My Tailor Can Sew This
“My tailor can sew this” This is the classic line that I’ve heard way too many times than I would have liked to in my Ready-to-wear line of business. I often wonder why one of the first things we do whenever we travel outside Nigeria is retail shopping. From family members to friends and friends of friends, everyone needs clothing from ‘abroad.’ The stress they put you through with luggage space is a story for another day.
So the question is – why do Nigerians like saying, ‘my tailor can sew this?’ Do they have issues trusting and buying ‘Made in Nigeria’ apparel? Does the quality fit the price tag and their budget? Do they want people (i.e people they generally don’t like) to see them wearing international brands? Do Nigerian brands offer variety for their customer base? Does it fit? Is it suitable to wear off the rack or brick and mortar clothing to any festivity or celebratory outing?
My tailor can sew this, na!’……..oh my, that line gets me every time I hear it. It gets me because as someone who has been doing this for many years, I can actually visualize the entire process and the misery that awaits producing a finished product when and if the client decides to go through with it herself. Often times people confuse Nigerian tailor-expertise of bespoke as the same with off the rack. These are two different areas of specialties. It almost like saying your dentist can act as your ophthalmologist. While both are doctors for humans, their area of expertise are totally different.
There is so much a customer must go through to a produce one single piece of clothing. First, after saying, my tailor can produce the same item, one has to go through the hustle and bustle of going to the market to search for the fabric, some which were exclusive produced for the brand you want to imitate. Hopefully you find something close to it or an entirely different fabric. Then you bargain like someone pricing peanuts on the streets and at the end you end up purchasing the wrong number of yards after showing ‘a picture’ you secretly took of the wonderful dress you are trying to remake. It was draped on a mannequin in the store and you snuck a picture while the sales girl was trying to get other items you had shown interest in.
At this point, the fabric seller is pissed with your negotiation efforts but agrees because the market would soon close and he needs to make sales at the end of the day. So he mischievously tells you that all you need is 3 yards instead of 4 yards, even though he had seen ‘the picture.’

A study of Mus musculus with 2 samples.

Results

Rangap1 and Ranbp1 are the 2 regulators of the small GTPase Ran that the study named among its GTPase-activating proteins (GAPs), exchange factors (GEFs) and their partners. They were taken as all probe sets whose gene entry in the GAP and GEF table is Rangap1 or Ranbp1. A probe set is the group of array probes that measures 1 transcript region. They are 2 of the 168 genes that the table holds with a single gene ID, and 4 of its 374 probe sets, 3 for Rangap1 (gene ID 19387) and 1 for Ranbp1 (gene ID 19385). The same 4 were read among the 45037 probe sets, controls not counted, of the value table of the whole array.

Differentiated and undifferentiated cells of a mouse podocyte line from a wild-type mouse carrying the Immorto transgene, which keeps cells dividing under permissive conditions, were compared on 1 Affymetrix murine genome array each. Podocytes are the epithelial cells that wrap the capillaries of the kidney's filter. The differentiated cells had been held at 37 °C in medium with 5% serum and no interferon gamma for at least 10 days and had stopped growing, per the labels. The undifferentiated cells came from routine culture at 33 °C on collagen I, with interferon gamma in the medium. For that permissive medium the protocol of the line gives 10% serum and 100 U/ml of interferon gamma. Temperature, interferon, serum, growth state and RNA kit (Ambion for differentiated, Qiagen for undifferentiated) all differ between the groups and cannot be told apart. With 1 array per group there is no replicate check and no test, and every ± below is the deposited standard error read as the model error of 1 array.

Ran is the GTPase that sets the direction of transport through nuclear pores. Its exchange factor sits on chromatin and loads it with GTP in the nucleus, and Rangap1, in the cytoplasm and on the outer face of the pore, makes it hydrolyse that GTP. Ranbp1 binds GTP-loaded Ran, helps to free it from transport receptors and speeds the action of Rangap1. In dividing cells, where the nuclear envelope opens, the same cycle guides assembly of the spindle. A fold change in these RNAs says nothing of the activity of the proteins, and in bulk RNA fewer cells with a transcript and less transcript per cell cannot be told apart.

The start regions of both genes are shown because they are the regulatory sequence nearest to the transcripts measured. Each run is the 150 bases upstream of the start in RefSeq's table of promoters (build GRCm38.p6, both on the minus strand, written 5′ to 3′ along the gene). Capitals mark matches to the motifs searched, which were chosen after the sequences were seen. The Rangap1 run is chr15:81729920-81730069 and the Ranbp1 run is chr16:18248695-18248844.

Next, you either drive down to some dingy tailor hideout turned workspace or call a friend and ask for a referral. Then you arrive, ask for the tailor and begin with a complaint about the last item you gave him two months ago in which he tells you it would be ready tomorrow. He has sworn this time, so everything is okay! Someone once said that the ultimate test upon completion of any fashion academy is how well you can lie to your client. TRUE WORDS.
Now you show the tailor the picture and he says, piece of cake. You pay him one-third of the price you would have gotten the dress off the rack and wait for 3 weeks because you knew that this time around he meant every word he said when he swore about the 3 weeks deadline. You drive away satisfied and relieved about how you narrowly escaped a retail catastrophe.
Upon return 3 weeks later, despite several WhatsApp messages between yourself and the tailor over the past week you meet one of these scenarios; the workspace has been demolished, the tailor has traveled and closed the store and no one knows when he would be back, the fabric is sitting on the top shelf above his sewing machine, the tailor is sick or moody and can barely answer you (its that time of the month for him too), the fabric has been cut and not sewn or worst of all…..it is ready for pick up…..but hold on….why does the style look funny……….its not what you ordered…..and then goes the verbal abuse about how the tailor has ruined everything. At the end you pay almost the same price or more when compared to what you would have paid off the rack, and you still don’t get the desired results.
But then again, is the Nigerian market ready for off the rack clothing? Unfortunately, I would say no. The average Nigerian prefers having items custom made for them due to various weekend weddings and party celebrations, lack of structure within the Nigerian fashion retail companies, lack of variety, and also the ridiculous price tags for what most brands offer. However, there are a lot out there that can stand next to a whole lot of international brands and are quite affordable. Even though a very few tailors can copy and replicate the exact same style from magazines and photos , however two-thirds of the money you never paid was to eliminate all the hassle you will usually go through to have a final product.
Looking towards the future, is ‘My tailor can sew this,’ a good culture for our economy and Nigerian brands in general? How can it be solved while keeping both at an equilibrium? We know that many women enjoy shopping as a sport, most especially when they spend on international brands. After all, shopping is cheaper than therapy and we still haven’t heard of a woman who has more clothes than she needs yet. So by all means let us all buy the essentials that we do not produce here in Nigeria, but could we also keep in mind the fashion houses that are doing everything right here in Nigeria?